Health and Drinking Water Supply Vulnerabilities to Climate Variability in Coastal and Drought-Prone Areas of Bangladesh

The objectives of the study are to understand the relationship among climate variability, waterborne disease, and the drinking water supply vulnerabilities in coastal and drought-prone areas of Bangladesh. The study used both qualitative and quantitative approaches. Qualitative data were collected by conducting stakeholder interviews and focus group discussion. Quantitative data were collected using survey and from hospital records. The study was conducted in three sites, one in a drought-prone area and two in coastal areas. Correlation analysis provided the relationship among climate variables, health outcomes, and water supply system. The regression analysis was used to determine the health vulnerabilities of the communities with time. Temperature, rainfall, humidity, and hot and cold days per year adversely affected the groundwater table and functionality of water technologies in both coastal and drought-prone sites, which in turn affects the accessibility and quality of water and health. Diarrhea, dysentery, and stomachaches and skin diseases were found in all sites more than the usual number, whereas, jaundice and typhoid are distinct in drought-prone areas only. Strong correlations of these health outcomes with different climatic and water supply variables were observed with different magnitude. Regression analysis forecasts annual increases of 5% diarrhea, 3% stomachache, 5% skin diseases cases in coastal sites and 5% diarrhea, 3% skin disease, 3% stomachache, and 2% jaundice cases in drought-prone sites annually over the next decade. The level of significance of linear association was found to be high only for diarrheal cases. Communities are becoming more vulnerable due to climate-change-related increases in waterborne diseases and impacts on water supply. Interventions are recommended to increase the resilience of water supply systems and to reduce vulnerabilities.

Gender and Perception of Climate Change in Ethiopia

This article empirically examines whether there is any gender difference in perception of climate change among rural women and men in Ethiopia. In particular, it investigates whether gender roles in household and farm work can expose rural women and men to different types of shocks that can sharpen their perception of climate change. It also examines how their unequal access to agricultural extension services and farmers’ networks lead to unequal access to information that can confirm or reinforce women’s and men’s experience-based perception of climate change. Finally, it explores whether female members’ voices within the household can influence climate change perception by the head of household. Using the 2004–05 Ethiopian agricultural household survey data, the study adopts the sampling probability weighted logit and general maximum entropy logit methods in its analysis. The results indicate that women are less likely to perceive climate change compared to men due to unequal access to agricultural extension services and farmers’ networks. The study findings also show that women’s experience of health shocks, access to extension services, and ability to express their views can increase the likelihood of the household head’s awareness of climate change.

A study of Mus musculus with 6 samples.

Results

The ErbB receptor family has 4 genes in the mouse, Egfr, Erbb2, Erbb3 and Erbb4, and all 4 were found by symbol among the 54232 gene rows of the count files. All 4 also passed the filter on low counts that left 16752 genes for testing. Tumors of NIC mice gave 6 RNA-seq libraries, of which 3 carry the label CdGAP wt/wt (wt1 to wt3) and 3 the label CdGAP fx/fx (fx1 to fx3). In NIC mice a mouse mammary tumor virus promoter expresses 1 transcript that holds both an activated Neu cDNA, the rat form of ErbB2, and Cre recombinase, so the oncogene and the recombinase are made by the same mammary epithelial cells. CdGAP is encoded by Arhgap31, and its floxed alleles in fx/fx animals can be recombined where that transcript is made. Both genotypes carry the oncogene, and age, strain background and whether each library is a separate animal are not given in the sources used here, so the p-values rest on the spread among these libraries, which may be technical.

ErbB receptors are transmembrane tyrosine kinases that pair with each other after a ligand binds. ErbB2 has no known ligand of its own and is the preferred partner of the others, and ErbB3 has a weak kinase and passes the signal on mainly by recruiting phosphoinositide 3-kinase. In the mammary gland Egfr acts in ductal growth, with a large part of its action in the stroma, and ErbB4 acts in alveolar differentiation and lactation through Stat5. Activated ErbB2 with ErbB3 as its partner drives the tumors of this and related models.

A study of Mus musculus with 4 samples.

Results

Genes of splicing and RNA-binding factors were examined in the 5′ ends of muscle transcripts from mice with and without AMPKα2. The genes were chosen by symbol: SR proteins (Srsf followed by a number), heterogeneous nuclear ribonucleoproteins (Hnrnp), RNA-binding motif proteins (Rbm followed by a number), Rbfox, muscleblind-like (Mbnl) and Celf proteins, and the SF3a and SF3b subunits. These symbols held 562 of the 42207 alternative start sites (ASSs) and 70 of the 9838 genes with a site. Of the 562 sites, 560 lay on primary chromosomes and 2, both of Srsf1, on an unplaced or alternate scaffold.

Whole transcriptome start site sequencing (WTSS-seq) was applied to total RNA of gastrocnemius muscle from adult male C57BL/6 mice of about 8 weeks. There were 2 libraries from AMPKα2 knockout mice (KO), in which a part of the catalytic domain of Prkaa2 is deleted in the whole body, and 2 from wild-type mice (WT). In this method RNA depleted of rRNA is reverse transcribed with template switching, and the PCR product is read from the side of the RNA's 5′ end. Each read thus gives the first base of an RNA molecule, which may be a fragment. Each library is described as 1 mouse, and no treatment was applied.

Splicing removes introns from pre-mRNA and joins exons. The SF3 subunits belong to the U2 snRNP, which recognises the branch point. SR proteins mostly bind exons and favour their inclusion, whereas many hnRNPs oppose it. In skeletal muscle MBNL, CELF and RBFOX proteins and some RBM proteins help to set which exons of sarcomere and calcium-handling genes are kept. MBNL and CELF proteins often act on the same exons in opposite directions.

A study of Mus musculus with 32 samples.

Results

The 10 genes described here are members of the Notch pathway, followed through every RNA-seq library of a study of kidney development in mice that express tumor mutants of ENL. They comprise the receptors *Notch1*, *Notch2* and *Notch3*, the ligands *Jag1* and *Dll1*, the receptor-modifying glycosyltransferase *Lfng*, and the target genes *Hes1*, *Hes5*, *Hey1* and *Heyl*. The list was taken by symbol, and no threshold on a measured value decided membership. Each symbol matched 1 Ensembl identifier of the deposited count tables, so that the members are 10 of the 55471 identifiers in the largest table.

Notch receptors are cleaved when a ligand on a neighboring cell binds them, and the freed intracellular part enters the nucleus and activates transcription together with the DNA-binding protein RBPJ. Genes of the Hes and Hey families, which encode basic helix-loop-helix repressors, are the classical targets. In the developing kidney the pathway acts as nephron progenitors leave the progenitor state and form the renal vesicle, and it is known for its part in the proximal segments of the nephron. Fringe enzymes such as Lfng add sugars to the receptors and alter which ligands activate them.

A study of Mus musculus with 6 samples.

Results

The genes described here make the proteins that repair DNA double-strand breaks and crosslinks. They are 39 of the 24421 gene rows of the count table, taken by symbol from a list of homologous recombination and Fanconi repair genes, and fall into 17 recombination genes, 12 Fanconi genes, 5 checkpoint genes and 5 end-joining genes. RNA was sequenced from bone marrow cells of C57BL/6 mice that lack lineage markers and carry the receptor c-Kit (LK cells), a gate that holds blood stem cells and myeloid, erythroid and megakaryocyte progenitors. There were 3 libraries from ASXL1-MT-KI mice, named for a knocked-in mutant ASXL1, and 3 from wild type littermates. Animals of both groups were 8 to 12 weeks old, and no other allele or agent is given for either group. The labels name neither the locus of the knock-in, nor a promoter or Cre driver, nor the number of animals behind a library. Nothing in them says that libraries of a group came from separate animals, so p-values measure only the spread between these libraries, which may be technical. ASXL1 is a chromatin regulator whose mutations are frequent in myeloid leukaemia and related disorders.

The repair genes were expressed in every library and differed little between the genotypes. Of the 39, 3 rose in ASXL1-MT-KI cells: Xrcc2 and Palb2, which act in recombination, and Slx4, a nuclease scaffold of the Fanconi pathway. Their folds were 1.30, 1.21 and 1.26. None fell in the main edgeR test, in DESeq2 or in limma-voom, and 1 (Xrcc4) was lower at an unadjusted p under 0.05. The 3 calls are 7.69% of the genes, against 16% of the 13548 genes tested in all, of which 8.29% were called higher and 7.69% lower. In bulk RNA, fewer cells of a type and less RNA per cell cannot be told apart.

Collaborative Science and Learning as Tools for Climate Change Adaptation Planning

Anticipated impacts from climate change act as stressors that motivate adaptation strategy development. And, while climate science projections extend from the global to regional scale, they can leave significant uncertainty at the local scale. In many jurisdictions, governance and environmental management professionals formulate and distribute information to guide climate change policy and preparation. In many rural or otherwise marginalized areas, however, relationships needed to promote clear understanding of impacts and to tackle cooperative adaptation planning alongside residents are lacking. This paper discusses methods used by an interdisciplinary group of scientists to help a small community of rural coastal U.S. residents enhance their climate resilience. This was accomplished via participatory collaborative science and collaborative learning processes that facilitated relationships of trust among a broad group of stakeholders. Data gathered from our network and analyses of project activities show the benefits of collaboration across a social network representing the social-ecological system. The success of our efforts is evident in five ways: a) in localized application of climate and environmental knowledge, b) in building two-way knowledge across the local/ non-local divide, c) in incorporating local community values, d) developing trust between residents, scientists, and environmental governance and management professionals, and c) in lessons learned transitioning from a learning to decision making process. We strongly advocate those working with local groups on adaptation planning efforts begin with methods that help build knowledge, respect, trust, and capacity amongst residents.